As most homeowners are well aware, purchasing property may be considered an investment in real estate. Although your property does not pay out yearly dividends like a stock investment, for example, you put money into it now and when you sell it down the line, the hope is that it will be worth more than you paid for it, showing a significant return. This is considered a long-term investment and it is safer than most because it has at its base an asset that is insurable, meaning the odds that you will lose everything can be minimized. And as real estate investing goes, you may be looking to do more than simply buying your own family home or even purchasing a rental property that will bring in a passive source of income (both of which require some amount of work on your part in the way of maintenance or hiring a management company, for example). And you’ve probably been hearing a lot of buzz about Real Estate Investment Trusts (REITs), which became extremely popular when they were granted a status change that put them into their own asset class, separate from other unit investment trusts and therefore subject to different rules and regulations. So what makes them so attractive to investors?
There are a couple of reasons that smaller investors are keen on such trusts. For one thing, they are fairly stable as they are actually a collection of units – mortgages, rental properties, or both – that are owned by the trust. As a result, earnings are based on the collection of rent and/or mortgage payments. Further, there are very specific rules regarding the disbursal of these funds: 90% of taxable income to the trust must be paid out as dividends annually, meaning that this type of investment tends to show higher returns than others, with the average estimated at around 8% over the course of a 15-year investment. Considering that a 5-year CD will only net you 1-3% if you’re lucky and most stock options won’t bring in much more, it’s easy to see why these relatively low-risk investment trusts have become so popular. Plus, REIT shares are sold on the stock market. So unlike a quick property sale, divesting yourself of a REIT investment comes with only the minimal fees associated with performing a stock transaction.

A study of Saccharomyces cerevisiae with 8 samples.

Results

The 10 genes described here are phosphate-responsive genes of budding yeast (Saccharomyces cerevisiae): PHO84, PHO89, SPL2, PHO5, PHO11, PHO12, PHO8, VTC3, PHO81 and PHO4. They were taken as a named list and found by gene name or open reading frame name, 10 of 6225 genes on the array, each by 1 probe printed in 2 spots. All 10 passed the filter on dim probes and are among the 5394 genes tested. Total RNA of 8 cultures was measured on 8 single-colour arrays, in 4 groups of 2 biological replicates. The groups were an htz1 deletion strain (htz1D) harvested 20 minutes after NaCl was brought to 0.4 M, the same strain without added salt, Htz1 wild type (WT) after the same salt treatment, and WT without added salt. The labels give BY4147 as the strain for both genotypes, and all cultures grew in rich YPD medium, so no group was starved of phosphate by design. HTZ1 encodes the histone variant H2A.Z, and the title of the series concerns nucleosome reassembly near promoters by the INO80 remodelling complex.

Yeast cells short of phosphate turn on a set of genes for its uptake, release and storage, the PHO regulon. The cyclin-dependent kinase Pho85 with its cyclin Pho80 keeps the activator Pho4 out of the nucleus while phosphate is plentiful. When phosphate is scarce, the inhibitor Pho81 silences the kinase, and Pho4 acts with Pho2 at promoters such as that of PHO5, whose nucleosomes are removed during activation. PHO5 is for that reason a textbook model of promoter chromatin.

Of course, there are many more advantages to consider, among them the unique laws pertaining to taxation of such income. Whereas most trusts and other types of stock are taxed at the corporate level, REITs are exempt from such taxation, provided that 90% of annual earnings are passed on to shareholders as dividends. What this means for investors is a larger return, although any payout you receive will be taxed as individual income. However, the process is fairly simple and straightforward.
At the end of the fiscal year the trust will send out a 1099-DIV form to investors showing their income, capital gains, and return of capital. The “income” portion, based on collection of mortgage and rent on the properties owned by the trust, will be taxed as income. Any monies listed under “capital gains” come from the sale of properties in the trust and you will not be taxed on them until you sell your shares. And finally, the “return of capital” has to do with losses, including decreases in property value and any expenses incurred by the trust that lower the value of shares (again, this will not come into play until you sell your shares, at which time it will reduce your basis for taxation). So you’ll likely see relatively high returns with only average taxation, which is an appealing prospect for most small investors.